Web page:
1) As Good As New; 2) Voulez-Vous; 3) I Have A Dream; 4) Angel Eyes; 5) The King Has Lost His Crown; 6) Does Your Mother Know; 7) If It Wasn't For The Nights; 8) Chiquitita; 9) Lovers (Live A Little Longer); 10) Kisses Of Fire; 11*) Lovelight; 12*) Summer Night City.
As if ABBA needed yet one more proof of their being the least cool band on the planet, they finally hit disco at the exact same time that most cool people were starting to shrug it off. Before Saturday Night Fever, disco was a silly, but semi-hip trend that was really looked upon as just one more step in the evolution of R'n'B and funk; after Saturday Night Fever, it became the curse of all nations, and that was when ABBA jumped on the bandwagon.
The first sign of change to come was '
Me, I distinctly remember hating Voulez-Vous as the record that set a clear demarcating line between early, peak-level ABBA with their mixture of classical, progressive, and Europop influences, and late ABBA with stereotypical disco bass, rudimentary keyboard hooks, and a conscious attempt to sex-up their image — which works about as well as an attempt on the part of the Catholic church to canonize Madonna (Ciccone, that is) for charity and piousness. And for someone whose early affectuation with ABBA was primarily based on their image (more importantly, their music) in ABBA: The Movie, it is only understandable that Voulez-Vous will at first feel like a wholesale transfusion of an incompatible blood type.
On the other hand, there is no denying that, with The Album, the band's old style had reached a point where they were already unable to top themselves — logically, they should either have disbanded or reinvented themselves; and how, in 1979, could a pop band hunting for further chart success not reinvent itself around disco? Nohow. Disco dumbs down genius, it's true, but it is not a reason in itself to forsake genius, and besides, one cannot live on nothing but masterpieces.
It is also untrue that Voulez-Vous is that primitive musically. Some of its non-hits are just as interesting, at least from a technical point of view, as the band's non-disco legacy. For instance, 'Lovers (Live A Little Longer)', with its tricky time signatures and vocal counterpoints, is all but generic; it may even turn off a jaded ABBA fan or two for being so rough around the corners, but it is clear that Benny and Björn gave the song a good workover and made it intentionally experimental (in a relative ABBA way, of course) and confusing; 'acid disco', some call it — a sharp contrast with the clearly fillerish 'Kisses Of Fire', which, with its primitive, bland chorus, was probably just written at the last moment to round out the running time.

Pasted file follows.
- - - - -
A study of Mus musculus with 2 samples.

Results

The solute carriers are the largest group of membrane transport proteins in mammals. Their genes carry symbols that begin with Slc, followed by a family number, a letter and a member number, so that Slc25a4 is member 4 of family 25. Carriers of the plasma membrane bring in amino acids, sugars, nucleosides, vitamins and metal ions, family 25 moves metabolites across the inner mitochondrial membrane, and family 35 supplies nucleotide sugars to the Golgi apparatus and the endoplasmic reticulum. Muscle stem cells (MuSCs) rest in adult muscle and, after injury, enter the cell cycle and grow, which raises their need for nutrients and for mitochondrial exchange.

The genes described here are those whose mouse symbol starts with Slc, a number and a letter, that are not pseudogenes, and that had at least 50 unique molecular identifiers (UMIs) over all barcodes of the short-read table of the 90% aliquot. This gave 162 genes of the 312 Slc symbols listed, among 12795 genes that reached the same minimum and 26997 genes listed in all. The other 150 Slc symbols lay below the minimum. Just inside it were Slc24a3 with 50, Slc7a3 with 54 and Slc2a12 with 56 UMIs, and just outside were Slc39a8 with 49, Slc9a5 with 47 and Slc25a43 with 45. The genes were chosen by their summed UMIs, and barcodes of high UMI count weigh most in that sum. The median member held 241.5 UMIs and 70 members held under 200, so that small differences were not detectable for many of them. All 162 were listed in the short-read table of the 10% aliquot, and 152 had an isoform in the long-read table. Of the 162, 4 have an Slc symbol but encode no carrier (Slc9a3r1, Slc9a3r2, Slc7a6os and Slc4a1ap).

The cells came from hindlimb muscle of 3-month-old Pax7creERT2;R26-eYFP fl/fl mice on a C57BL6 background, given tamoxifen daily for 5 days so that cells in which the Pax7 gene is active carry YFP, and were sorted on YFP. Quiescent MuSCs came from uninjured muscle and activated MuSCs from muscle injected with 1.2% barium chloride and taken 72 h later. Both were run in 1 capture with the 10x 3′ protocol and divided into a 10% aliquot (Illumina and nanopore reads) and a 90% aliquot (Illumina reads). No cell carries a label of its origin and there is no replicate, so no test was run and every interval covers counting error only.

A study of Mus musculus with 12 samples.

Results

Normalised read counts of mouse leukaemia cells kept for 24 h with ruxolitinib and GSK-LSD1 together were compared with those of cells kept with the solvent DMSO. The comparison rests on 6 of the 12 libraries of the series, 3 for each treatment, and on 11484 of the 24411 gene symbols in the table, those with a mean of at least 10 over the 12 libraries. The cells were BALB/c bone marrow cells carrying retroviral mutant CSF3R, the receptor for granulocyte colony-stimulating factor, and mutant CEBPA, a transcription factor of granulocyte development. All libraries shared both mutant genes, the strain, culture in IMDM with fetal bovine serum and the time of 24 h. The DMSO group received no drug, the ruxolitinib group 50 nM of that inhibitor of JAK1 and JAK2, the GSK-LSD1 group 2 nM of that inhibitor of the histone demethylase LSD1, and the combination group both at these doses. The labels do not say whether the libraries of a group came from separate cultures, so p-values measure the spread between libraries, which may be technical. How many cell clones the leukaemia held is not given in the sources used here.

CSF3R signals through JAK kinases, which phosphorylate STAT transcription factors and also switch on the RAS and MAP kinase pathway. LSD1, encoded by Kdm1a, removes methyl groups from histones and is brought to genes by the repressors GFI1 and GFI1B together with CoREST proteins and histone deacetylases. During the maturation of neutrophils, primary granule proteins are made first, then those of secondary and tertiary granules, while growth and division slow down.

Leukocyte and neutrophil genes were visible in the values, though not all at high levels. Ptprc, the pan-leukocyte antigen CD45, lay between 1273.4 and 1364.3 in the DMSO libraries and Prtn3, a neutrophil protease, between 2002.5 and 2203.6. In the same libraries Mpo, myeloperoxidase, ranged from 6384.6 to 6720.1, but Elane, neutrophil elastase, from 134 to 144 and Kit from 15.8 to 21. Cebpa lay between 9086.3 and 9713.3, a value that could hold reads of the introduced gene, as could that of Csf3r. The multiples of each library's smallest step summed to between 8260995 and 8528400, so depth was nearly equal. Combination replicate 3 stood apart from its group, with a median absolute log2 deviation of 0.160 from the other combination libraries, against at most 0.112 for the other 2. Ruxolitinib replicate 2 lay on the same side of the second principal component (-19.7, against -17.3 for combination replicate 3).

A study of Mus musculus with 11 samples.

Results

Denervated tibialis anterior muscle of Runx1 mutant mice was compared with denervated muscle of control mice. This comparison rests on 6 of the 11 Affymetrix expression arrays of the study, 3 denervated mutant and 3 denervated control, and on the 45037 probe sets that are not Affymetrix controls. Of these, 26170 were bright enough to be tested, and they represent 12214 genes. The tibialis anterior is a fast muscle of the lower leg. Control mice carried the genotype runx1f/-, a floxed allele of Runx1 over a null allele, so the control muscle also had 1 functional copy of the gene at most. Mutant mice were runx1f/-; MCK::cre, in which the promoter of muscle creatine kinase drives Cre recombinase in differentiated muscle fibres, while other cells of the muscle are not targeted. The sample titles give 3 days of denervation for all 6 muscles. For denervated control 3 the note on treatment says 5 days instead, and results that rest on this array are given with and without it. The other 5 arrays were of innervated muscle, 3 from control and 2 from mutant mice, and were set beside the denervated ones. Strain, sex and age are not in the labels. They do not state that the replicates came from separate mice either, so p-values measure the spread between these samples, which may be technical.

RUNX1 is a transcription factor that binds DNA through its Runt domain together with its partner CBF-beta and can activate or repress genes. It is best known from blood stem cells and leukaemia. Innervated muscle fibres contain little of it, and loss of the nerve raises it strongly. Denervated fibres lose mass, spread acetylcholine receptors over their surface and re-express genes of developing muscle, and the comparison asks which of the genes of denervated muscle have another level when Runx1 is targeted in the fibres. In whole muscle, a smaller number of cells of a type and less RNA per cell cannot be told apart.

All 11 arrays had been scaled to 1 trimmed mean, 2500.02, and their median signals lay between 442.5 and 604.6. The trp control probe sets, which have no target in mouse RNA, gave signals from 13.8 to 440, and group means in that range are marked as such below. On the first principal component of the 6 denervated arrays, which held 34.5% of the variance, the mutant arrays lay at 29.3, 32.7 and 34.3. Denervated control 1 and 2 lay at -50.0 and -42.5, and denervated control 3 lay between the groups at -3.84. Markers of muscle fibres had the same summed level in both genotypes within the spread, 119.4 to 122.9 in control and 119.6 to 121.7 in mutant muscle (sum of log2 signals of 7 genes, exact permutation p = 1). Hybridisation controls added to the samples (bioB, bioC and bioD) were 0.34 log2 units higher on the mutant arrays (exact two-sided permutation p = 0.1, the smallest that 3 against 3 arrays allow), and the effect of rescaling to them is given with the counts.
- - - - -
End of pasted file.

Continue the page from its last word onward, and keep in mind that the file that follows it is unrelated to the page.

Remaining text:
The hooks also run strong on the hits — the title track, one of the darkest, bitterest numbers they ever did, which probably explains why it hit No. 80 on the Billboard; and 'Does Your Mother Know', one of the tritest, silliest numbers they ever did, which probably explains why it hit No. 19 on the Billboard. Did Björn really need to lecture his audience on the dangers of fan worshipping and sex with minors? I am sure he must have received quite a few offers from 12-year olds, but it is highly unlikely that a song like 'Does Your Mother Know' could have fulfilled the purpose of stopping them. In fact, it was probably the opposite, as you can easily see by watching the video of the Wembley concert where he is singing the words right in front of an audience of 12-year olds... and they're loving it.
Apart from that, the record is not all disco; the songs generally lack the production lushness of The Album, featuring fewer overdubs and less orchestration, which is why it gives the overall impression of a "club record", but certainly the anthemic 'I Have A Dream' (Frida at her best, although I am hardly a fan of such choral pomposity), the folksy 'Chiquitita', and the fast-tempo pop rocker 'Angel Eyes' have nothing to do with disco, nor does the overlooked mini-gem 'The King Has Lost Crown'. Most of them do seem a little repetitive and "economical" in terms of musical ideas compared to past successes, though. Perhaps the band members just had to spend more time sorting out their own personal problems (Björn and Agnetha, in particular, were getting divorced), and this left fewer precious moments to embed in more distinct middle eights.
Voulez-Vous is, by all means, a letdown. But unless you just cannot stomach disco at all, there is no reason to think of it as a catastrophe; rather a slightly disappointing, but arguably inevitable reinvention. Most of the tunes still range from endearing to likeable (sure I hate the gist of 'Mother', but can I resist that big fat chg-chg-chg-chg-chg-chg-chg that opens it? Not on your life!), and on the strength of that the heart wrenches out a thumbs up, while the brain is still able to appreciate the clever intricacies of 'Lovers', 'Voulez-Vous' and some of the rest.